We asked some of Italy's most renowned chefs to share signature recipes that celebrate all things pasta. Dive into authentic culinary inspiration from across the country to recreate the flavours of the Boot in your own home.
"Everything you see, I owe to pasta." This quote, from famed actress Sophia Loren, neatly sums up the sheer reverence of the humble dish among Italians. From lasagna to carbonara via puttanesca, Italian pasta recipes are cooked and loved around the world. But with each region boasting its own specialities, there are so many more variations out there to try.
When we asked some of the most accomplished chefs in the country what makes the perfect pasta dish, the answer was the same: the quality of the ingredients. Whether it's a perfectly sunblushed tomato, the freshest Sicilian ricotta or a meticulously foraged mushroom, these ingredients are key to making an authentic pasta recipe sing. Whether it's a simple classic like nonna used to make or a painstaking feat crafted over several hours, these recipes are key to learning how to make pasta like an Italian, capturing some of the finest flavours the country has to offer.
Amalfi lemons are known world over for their intense fragrance, large size and irresistibly juicy flesh. When paired with linguine or spaghetti, garlic, fresh anchovies and earthy parsley, you have the perfect recipe for light summer lunches. Just close your eyes and you can almost see the cascading clifftop villages and sparkling shores of the Italian coastline. With this dish, however, Chef Mimmo di Raffaele has a secret ingredient up his sleeve: colatura di alici (which literally translates to 'anchovy drippings'). The sauce is made in the tiny village of Cetera on the Amalfi Coast and adds an irresistible umami depth to the flavour profile. Even better, this surprisingly simple Italian pasta recipe can be whipped up in just ten minutes.
Tuscan food is known for its rich, meaty sauces, delicious bread and delicate tortelli pasta (a shape similar to tortellini or ravioli). Chef Daniele Sera incorporates many of the region's signature flavours in his wild boar tortelli recipe, which uses Pecorino Senese and Stacchino cheeses, red wine and a variety of herbs and fruits to enhance the flavour. While this recipe involves some 18 hours of soaking and marinating, the end result — richly flavoured, sumptuously soft meat, harmonising with creamy-soft cheese and earthy Black truffle — is well worth your toils.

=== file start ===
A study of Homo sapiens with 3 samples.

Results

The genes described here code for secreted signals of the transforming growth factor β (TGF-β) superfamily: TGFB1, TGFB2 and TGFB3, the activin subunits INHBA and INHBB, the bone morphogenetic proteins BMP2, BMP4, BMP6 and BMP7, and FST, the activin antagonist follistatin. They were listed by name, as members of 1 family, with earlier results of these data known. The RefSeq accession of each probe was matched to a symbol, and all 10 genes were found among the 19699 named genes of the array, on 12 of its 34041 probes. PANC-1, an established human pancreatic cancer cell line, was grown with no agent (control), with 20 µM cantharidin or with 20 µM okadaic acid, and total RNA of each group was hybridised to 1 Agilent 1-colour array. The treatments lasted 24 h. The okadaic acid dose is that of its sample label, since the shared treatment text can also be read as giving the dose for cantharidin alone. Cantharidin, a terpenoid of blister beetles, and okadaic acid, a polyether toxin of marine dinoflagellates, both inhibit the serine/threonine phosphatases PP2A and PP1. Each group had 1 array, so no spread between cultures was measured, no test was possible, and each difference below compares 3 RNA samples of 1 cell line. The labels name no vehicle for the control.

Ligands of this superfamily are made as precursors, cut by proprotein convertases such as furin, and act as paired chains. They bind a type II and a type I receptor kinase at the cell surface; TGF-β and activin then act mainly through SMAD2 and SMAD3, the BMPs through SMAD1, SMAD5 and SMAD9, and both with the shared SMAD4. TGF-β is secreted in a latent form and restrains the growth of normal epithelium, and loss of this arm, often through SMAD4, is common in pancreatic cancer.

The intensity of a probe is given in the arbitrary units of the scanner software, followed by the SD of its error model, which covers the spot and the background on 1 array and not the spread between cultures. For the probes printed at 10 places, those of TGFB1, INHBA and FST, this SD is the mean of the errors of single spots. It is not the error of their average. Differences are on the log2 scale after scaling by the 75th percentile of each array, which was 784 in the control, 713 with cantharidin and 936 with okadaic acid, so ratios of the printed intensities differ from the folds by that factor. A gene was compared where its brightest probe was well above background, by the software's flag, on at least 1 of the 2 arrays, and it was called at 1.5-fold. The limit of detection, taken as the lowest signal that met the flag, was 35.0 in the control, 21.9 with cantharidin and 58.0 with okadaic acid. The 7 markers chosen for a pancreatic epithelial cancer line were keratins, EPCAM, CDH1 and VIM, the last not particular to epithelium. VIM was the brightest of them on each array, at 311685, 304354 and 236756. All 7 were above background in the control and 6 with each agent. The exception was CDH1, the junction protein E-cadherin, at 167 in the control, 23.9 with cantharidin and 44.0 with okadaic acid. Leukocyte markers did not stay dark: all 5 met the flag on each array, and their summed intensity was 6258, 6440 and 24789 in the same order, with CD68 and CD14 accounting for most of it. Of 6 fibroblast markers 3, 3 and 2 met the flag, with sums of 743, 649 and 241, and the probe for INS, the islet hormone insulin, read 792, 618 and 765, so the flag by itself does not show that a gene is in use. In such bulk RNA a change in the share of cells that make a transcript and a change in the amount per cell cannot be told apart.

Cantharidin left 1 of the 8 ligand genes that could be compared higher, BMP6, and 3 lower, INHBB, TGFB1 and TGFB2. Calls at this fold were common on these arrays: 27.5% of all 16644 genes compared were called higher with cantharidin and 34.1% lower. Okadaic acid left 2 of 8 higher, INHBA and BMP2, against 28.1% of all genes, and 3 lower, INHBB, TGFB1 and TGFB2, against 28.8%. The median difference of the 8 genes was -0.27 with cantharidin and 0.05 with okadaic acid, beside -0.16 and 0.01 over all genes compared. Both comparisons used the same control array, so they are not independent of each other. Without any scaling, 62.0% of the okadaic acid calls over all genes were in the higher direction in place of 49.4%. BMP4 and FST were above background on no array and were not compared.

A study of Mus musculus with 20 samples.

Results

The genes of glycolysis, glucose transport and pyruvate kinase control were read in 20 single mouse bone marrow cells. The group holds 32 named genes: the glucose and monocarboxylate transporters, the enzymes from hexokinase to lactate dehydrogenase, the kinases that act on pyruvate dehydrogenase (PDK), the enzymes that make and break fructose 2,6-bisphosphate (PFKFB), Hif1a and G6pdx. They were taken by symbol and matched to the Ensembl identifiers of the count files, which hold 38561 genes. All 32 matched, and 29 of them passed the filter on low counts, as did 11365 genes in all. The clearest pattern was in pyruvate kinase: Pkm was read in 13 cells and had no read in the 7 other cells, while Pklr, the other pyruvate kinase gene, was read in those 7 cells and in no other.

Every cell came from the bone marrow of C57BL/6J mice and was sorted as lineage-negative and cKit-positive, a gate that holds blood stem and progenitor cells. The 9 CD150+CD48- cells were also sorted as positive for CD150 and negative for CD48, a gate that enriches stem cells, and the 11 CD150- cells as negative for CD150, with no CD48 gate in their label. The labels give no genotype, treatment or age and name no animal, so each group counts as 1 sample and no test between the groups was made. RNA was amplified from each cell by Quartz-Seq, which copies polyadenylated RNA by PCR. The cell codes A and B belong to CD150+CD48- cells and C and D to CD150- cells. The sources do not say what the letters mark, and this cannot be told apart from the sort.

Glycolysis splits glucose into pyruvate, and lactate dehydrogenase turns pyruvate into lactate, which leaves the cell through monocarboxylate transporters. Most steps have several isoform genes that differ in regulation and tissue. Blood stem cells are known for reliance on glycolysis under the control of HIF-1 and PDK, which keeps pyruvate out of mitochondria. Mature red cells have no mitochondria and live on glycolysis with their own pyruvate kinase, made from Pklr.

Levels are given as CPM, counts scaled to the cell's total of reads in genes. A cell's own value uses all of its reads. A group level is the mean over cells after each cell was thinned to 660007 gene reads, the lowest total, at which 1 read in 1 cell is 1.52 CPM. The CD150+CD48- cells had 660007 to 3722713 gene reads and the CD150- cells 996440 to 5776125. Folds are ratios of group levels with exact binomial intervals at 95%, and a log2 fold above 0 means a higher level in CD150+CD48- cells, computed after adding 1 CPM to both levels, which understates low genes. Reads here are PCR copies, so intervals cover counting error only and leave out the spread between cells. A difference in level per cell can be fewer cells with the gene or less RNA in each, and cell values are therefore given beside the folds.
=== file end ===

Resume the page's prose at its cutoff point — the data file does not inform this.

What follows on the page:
You may think you know pesto, but it's not until you've tried Chef Corradi Corti's that you can call yourself a connoisseur. His recipe, which is made rustic-style in a mortar and pestle, envelopes tantalizingly around the favoured pasta in Liguria: trenette avvantaggiate. With its slightly porous texture, it is the perfect partner to pesto's consistency. Though the simplicity of pasta, potatoes, green beans and pesto might not initially seem elevated, it is substantial and comforting: perfect for a weeknight dinner on a chilly night.
In this lovingly crafted tortelli dish, Michelin-starred chef Roberto Toro made it his mission to celebrate the very best of Sicilian ingredients. The original recipe asks for PDO pecorino cheese, PGI pachino tomatoes and Mazara del Vallo red shrimp, so you may feel hard pressed to find the exact ingredients. But if you find good-quality homegrown produce wherever you are, a faithful enough recreation is possible. While the pasta itself is filled with a pesto-style filling of basil, pine nuts and parmesan, it's the shrimp bisque and tomato sauce that really makes the dish sing.
Just like her contemporary Sophia Loren, globetrotting beauty Elizabeth Taylor had an affinity for a simple plate of pasta. Her favourite was found at Splendido, a Belmond hotel in Portofino, in a dish that pays dutiful attention to the humble tomato to achieve culinary heaven. Chef Corrado Corti's pasta alla Elizabeth Taylor uses bronze-drawn spaghetti — named after the cutting technique that gives the pasta a rougher texture to help the precious sauce cling. Slowly roasting the tomatoes confit-style for three hours brings out their coveted sweetness, while lemon zest and plenty of olive oil adds a mouthwatering richness.